Minister admits feeling pressure on home prices
The central government has admitted it is under enormous pressure to rein in housing prices in the next two decades amid concerns that the high prices could lead to social instability.
Housing and Urban-Rural Development Minister Jiang Weixin said yesterday that a combination of rapid urbanisation and industrialisation as well as limited land supplies in the next 20 years could put the country under enormous pressure.
'But the central government's determination to control the rapidly rising housing prices is even greater,' Jiang declared.
The minister's pledge came amid rising public discontent over what many have perceived as the government's failure to cool the red-hot property market, in which prices have more than tripled in major metropolises since 2005.
The minister was questioned yesterday over the affordable housing scheme's inability to provide low-income families with cheaper homes. The scheme has been increasingly susceptible to corruption because of the lack of transparency.
Authorities have been reluctant to tackle rising property prices because it provides regional governments with billions of yuan from land sales.
Jiang said he understood the aspirations of regional governments to see housing prices rise because of the extra revenue that sales generate, but they must be responsible for potential social repercussions stemming from excessively high property prices.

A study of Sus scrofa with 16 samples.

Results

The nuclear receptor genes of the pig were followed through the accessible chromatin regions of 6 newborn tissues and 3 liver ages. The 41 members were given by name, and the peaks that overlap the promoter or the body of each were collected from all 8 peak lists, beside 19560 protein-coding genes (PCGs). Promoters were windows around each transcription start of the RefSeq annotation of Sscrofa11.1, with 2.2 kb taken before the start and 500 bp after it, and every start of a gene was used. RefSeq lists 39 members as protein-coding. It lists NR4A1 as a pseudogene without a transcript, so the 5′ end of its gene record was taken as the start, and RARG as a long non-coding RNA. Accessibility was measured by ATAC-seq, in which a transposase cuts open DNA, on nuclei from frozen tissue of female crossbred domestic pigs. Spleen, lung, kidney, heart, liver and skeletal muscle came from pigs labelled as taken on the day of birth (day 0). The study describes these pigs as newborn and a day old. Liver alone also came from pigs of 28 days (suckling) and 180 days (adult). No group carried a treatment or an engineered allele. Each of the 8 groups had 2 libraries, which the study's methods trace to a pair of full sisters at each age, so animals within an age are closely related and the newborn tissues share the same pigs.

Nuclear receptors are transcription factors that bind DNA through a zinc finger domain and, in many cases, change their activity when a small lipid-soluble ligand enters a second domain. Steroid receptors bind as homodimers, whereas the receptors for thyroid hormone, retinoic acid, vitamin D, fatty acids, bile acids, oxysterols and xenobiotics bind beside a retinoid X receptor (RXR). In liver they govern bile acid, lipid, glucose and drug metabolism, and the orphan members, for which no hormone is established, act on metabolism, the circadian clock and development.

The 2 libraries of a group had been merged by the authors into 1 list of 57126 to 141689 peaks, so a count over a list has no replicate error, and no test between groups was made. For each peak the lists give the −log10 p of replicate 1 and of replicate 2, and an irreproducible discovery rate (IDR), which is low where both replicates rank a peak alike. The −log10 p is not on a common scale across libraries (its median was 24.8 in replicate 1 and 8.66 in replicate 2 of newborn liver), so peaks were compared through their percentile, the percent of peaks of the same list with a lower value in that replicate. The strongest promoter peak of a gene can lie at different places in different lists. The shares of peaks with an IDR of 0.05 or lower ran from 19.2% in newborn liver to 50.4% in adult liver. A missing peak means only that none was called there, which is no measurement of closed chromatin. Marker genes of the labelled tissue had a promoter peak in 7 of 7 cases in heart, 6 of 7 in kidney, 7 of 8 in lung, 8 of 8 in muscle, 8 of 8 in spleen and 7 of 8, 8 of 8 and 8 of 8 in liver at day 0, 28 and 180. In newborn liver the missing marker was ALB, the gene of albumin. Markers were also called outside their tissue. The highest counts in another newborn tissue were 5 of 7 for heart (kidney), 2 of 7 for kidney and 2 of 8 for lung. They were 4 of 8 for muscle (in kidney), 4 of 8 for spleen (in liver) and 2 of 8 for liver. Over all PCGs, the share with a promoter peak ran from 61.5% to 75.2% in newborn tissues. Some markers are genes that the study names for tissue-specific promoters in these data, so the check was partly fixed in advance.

The Beijing municipal government pocketed 92.8 billion yuan (HK$105 billion) from land sales last year, equal to 46 per cent of its revenue, official figures show.
But housing prices have become a sensitive issue. Public frustration over home prices was highlighted by heated discussion about a TV drama, Dwelling Narrowness, dealing with the plight of an out-of-town couple trying to buy a new home in the city.
During an online discussion late last month, Premier Wen Jiabao was also challenged on how his government would tackle high housing prices.
Beijing-based housing activist Yu Linggang said the wild housing prices were a result of the ineffectiveness of government housing policies, which allowed developers to profiteer by hoarding land.
Yu said governments should not sell land directly to developers but develop public housing for low- income families.
Huang Wenzai, chairman of Star River Property Holdings and a member of the Chinese People's Political Consultative Conference, said the government should earmark at least 50 per cent of its revenue from land sales for affordable housing schemes.